Let's be honest, the historic winter storms that hit North Texas for Super Bowl XLV didn't leave a good impression with people that visited the area in 2011 for the Green Bay Packers-Pittsburgh Steelers contest.
On the day of the game at Cowboys Stadium, the weather was beautiful -- clear skies, not a storm cloud in the sky -- but the seating fiasco caused embarrassment and brought on a lawsuit. It raised serious questions about North Texas' chances at hosting another Super Bowl, much less Super Bowl L. Of course, North Texas can because XLV was deemed a financial success.
Fast forward to what's happening in Miami.
The Florida Speaker of the House blocked a bill giving the citizens of Miami-Dade County the ability to vote on public funding of upgrades to Sun Life Stadium.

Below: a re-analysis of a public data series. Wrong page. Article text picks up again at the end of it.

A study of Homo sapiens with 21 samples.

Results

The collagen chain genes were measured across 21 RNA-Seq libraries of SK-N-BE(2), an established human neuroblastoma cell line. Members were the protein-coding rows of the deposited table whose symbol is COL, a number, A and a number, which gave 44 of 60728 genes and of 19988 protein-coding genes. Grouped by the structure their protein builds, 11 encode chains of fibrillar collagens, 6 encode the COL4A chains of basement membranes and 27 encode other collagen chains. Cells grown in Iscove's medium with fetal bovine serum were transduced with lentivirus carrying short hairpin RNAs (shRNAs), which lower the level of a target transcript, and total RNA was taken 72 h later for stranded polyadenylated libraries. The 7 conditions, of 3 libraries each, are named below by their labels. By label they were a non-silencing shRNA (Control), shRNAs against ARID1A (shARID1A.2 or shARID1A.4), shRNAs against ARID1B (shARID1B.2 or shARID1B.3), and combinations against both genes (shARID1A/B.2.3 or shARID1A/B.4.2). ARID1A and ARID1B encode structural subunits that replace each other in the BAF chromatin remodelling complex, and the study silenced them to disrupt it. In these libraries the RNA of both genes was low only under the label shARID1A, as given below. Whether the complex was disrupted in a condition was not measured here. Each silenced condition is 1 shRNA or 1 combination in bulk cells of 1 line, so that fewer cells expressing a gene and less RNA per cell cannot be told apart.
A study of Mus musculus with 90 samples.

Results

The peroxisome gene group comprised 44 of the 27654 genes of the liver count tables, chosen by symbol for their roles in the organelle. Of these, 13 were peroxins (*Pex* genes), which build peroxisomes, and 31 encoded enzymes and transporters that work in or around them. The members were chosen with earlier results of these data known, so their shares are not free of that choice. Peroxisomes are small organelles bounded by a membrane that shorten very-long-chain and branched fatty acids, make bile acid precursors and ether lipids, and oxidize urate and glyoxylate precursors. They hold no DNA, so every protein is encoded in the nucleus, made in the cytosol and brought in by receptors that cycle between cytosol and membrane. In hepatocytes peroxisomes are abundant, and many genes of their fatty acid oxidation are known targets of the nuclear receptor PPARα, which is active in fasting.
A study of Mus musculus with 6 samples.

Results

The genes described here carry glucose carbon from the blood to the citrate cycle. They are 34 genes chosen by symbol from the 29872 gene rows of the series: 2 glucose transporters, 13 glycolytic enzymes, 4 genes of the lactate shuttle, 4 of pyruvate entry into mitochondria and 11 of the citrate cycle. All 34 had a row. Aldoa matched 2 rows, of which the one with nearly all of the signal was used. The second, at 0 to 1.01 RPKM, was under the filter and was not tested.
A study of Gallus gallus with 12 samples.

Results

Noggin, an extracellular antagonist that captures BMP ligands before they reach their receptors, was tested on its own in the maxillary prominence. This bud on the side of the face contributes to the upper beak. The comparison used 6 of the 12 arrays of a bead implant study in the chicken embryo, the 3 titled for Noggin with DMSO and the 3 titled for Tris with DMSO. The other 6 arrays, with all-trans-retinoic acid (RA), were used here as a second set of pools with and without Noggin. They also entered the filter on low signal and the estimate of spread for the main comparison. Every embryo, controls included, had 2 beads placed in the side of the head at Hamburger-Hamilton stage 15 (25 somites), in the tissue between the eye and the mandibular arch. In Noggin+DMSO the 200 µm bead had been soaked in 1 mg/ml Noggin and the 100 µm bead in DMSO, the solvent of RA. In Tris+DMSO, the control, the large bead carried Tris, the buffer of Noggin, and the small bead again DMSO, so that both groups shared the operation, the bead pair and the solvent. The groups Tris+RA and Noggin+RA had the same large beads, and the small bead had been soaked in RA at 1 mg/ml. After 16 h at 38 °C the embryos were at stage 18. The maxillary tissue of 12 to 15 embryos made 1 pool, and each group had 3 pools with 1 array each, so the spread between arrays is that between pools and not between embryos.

It appears doubtful that Miami is going to be awarded one of the two upcoming Super Bowls -- L and LI -- that don't yet have a site.
Where does this leave North Texas?
Miami was poised to submit a bid for one of these two title games, but it appears Santa Clara, Calif., and Houston, are in position to get Super Bowl L and LI. With Miami having funding troubles for upgrades, maybe North Texas moves ahead of Miami for future games.
Cowboys Stadium is hosting the Final Four, college football's national title game and other major events. The seating issue seems forgotten, and maybe North Texas is back in play as a major player in hosting Super Bowls.
NFL owners will vote on May 21 on who gets Super Bowl L and LI, and North Texas isn't in the mix right now. But future NFL title games will have to seriously consider North Texas, especially with Miami having issues.